Iran estimates up to 25 million coronavirus cases since outbreak; nearly doubling the total worldwide caseload: report


Despite his estimate as well as urging citizens to take precautions, the country will not reimpose lockdown restrictions.


Rouhani, speaking in a televised address on Saturday, referenced a new study by the Iranian Health Ministry that has not been publicly released, and he did not cite specifics on how the estimates in cases were reached.

The current official coronavirus case total stands at more than 14 million, according to a tally by Johns Hopkins University.

In this photo released by the official website of the office of the Iranian Presidency, President Hassan Rouhani adjusts his face mask in a meeting of the national headquarters of the fight against the COVID-19, in Tehran, Iran, Saturday, July 18, 2020. (Iranian Presidency Office via AP)


Rouhani also said he believes an additional 30 to 35 million people could be infected in the coming months. Iran’s population is around 81 million people.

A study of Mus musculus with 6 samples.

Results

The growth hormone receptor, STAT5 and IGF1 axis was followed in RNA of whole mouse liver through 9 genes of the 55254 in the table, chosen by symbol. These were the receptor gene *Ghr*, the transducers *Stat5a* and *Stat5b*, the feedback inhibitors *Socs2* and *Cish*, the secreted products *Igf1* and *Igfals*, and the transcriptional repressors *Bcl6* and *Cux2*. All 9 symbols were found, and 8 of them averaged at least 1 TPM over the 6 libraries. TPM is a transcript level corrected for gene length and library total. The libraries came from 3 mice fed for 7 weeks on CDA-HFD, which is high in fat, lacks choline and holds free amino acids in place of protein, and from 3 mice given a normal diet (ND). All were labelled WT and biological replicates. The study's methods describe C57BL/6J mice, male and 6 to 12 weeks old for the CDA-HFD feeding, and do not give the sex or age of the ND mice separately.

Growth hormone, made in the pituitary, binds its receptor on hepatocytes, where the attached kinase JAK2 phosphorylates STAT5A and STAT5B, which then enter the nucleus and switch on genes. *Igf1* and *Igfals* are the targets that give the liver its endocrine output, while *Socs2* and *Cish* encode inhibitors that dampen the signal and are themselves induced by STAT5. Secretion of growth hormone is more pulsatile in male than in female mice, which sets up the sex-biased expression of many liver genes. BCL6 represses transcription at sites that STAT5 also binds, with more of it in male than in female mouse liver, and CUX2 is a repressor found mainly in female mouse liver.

The president also said more than 200,000 people have been hospitalized and the report predicts that that number will soon be "twice as many as we have seen in the last 150 days.”

The same Johns Hopkins tally sais 271,606 Iranians have been infected with coronavirus, with 13,979 deaths. The pandemic has also further debilitated the country's severely crippled economy, already struggling from U.S. imposed sanctions.

Faced with a spike of 2,166 cases on Saturday and 188 deaths in 24 hours, authorities in Tehran have closed some public spaces such as coffee shops, zoos, amusement parks, boarding schools, and indoor swimming pools and banned religious and cultural gatherings for one week.

It remains the hardest-hit country in the Middle East.

Iran has faced scrutiny about their reporting of coronavirus cases and deaths, which government officials admit are probably well under the actual count.

After denying the existence of the virus in Iran for days after the likely first infection took hold, Iran held mass demonstrations and a parliamentary election, turning out thousands of people en masse.

Two months after the pandemic ramped up, parliament delivered a report in April that estimated the number of people infected at the time was probably “eight to 10 times” higher than the reported figures and said that health officials lacked adequate testing to determine an official prognosis of the virus.

The reported deaths are based solely on people who died of COVID-19 in a hospital setting. Others who may have died at home have not been recorded and some families have opted not to disclose that their loved ones ever had the virus to avoid any stigmas associated with it.


The Associated Press contributed to this report.